Texting and driving


Northern Star Photo Illustration

By Hailey Kurth

When it comes to using a phone while driving, many people are not sure of the law. Just to be safe, one might want to go to the extent of throwing their cell in the glove box at the sight of a police car.

DeKalb Police Sgt. James McDougall said texting while driving is illegal; there are exceptions though.

According to the Illinois General Assembly website, the law states, “this does not apply to when the vehicle is stopped due to normal traffic being obstructed and the driver has the motor vehicle transmission in neutral or park.”

McDougall said this could include things such as stopping at a stop light or being stopped for normal traffic.

“This is a kind of crazy one,” McDougall said. “Why they have that? I don’t know.”

Assistant State’s Attorney Julie Trevarthen said generally speaking, talking on a cell phone while driving is legal. Trevarthen said there are, however, certain areas where you cannot.

McDougall said school zones and construction zones are illegal areas to talk on a cell phone while driving, equivalent with state law. Adolescents under 19 with an instruction permit or graduate license cannot talk on the phone while driving at all, McDougall said.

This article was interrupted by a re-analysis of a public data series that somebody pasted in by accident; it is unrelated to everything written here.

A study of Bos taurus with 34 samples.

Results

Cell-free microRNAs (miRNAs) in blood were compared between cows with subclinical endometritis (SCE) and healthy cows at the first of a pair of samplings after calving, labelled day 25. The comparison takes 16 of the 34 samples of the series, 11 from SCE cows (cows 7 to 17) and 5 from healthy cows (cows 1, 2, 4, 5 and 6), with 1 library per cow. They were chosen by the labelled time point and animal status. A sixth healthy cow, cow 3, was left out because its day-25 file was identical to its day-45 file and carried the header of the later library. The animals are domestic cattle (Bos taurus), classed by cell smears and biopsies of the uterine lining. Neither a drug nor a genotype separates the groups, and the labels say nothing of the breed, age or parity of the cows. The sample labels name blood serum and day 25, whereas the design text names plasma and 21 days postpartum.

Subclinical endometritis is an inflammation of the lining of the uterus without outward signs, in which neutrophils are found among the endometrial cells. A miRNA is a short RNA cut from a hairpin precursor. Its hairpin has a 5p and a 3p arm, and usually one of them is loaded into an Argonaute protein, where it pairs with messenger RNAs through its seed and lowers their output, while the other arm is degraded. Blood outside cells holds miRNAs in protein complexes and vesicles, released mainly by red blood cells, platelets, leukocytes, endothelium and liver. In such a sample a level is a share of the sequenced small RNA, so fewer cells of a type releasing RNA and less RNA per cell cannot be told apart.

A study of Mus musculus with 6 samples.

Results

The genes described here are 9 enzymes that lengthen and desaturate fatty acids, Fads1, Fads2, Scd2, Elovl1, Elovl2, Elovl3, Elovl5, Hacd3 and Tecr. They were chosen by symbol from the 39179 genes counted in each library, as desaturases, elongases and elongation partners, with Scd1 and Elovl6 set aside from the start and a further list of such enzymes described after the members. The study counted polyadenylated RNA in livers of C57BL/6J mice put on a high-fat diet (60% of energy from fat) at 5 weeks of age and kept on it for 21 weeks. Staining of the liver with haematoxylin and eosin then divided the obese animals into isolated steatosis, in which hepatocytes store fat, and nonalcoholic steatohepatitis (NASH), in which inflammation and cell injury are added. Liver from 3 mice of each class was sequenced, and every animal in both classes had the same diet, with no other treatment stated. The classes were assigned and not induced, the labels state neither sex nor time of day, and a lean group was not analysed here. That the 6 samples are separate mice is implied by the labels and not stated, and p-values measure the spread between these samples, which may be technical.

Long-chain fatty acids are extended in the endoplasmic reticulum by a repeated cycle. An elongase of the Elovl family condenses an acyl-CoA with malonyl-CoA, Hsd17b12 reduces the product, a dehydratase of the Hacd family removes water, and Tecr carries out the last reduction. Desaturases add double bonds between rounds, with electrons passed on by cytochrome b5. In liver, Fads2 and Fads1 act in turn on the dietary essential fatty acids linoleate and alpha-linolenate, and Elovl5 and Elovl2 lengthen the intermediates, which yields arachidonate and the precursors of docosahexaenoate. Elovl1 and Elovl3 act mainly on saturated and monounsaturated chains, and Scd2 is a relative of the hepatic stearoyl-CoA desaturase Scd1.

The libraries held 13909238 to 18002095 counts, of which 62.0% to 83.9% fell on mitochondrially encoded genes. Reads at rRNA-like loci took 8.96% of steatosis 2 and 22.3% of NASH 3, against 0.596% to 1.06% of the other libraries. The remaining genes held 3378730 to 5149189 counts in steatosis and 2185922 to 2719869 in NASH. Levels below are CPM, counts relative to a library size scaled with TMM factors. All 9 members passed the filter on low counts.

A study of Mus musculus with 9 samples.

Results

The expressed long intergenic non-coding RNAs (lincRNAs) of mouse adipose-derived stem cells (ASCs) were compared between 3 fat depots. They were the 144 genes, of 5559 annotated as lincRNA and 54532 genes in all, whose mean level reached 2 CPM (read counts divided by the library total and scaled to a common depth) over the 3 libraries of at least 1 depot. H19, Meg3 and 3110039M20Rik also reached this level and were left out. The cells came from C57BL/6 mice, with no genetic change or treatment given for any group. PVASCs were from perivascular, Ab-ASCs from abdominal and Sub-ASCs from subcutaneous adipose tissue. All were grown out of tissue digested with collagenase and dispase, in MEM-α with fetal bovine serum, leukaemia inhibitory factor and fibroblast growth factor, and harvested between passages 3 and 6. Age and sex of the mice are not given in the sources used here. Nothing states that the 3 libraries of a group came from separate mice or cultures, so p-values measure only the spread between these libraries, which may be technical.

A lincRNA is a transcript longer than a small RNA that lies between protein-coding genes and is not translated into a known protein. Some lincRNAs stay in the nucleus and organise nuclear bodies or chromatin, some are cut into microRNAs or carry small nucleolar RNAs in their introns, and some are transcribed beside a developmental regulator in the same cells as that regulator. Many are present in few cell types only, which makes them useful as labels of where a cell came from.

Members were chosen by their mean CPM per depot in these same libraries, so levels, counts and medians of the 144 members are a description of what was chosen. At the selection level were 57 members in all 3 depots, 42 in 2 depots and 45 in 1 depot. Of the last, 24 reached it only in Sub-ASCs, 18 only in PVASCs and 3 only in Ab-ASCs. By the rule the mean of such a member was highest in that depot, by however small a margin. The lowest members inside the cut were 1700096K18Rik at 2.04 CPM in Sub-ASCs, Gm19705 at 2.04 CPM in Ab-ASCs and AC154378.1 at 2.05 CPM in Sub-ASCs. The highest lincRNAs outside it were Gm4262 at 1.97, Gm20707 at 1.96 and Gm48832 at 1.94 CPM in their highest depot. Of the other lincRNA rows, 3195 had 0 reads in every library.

“It’s a tough law to enforce, but it’s a safety thing,” McDougall said. “They can’t take your phone away [to verify phone use], although they may ask.”

Trevarthen said if an officer asks to see a driver’s phone, the driver can say they aren’t consenting to the officer’s request. The police, however, could get a search warrant for the phone.

“There’s nothing that they can do to ultimately stop the police from getting the information,” Trevarthen said.

As far as iPods and other hand-held music devices go, Trevarthen said she assumes it’s no different than changing the station on the radio.

“As far as I know, they’re not restricting being able to use gadgets, or that kind of stuff,” Trevarthen said. “It’s that continuous ongoing attention that is directed in having to text, staring at your phone and staring at your keyboard, that they’re trying to prevent for safety.”

According to the website, the law does not have restrictions against “a global position system, GPS, or navigation system or a device that is physically or electronically integrated into the motor vehicle.”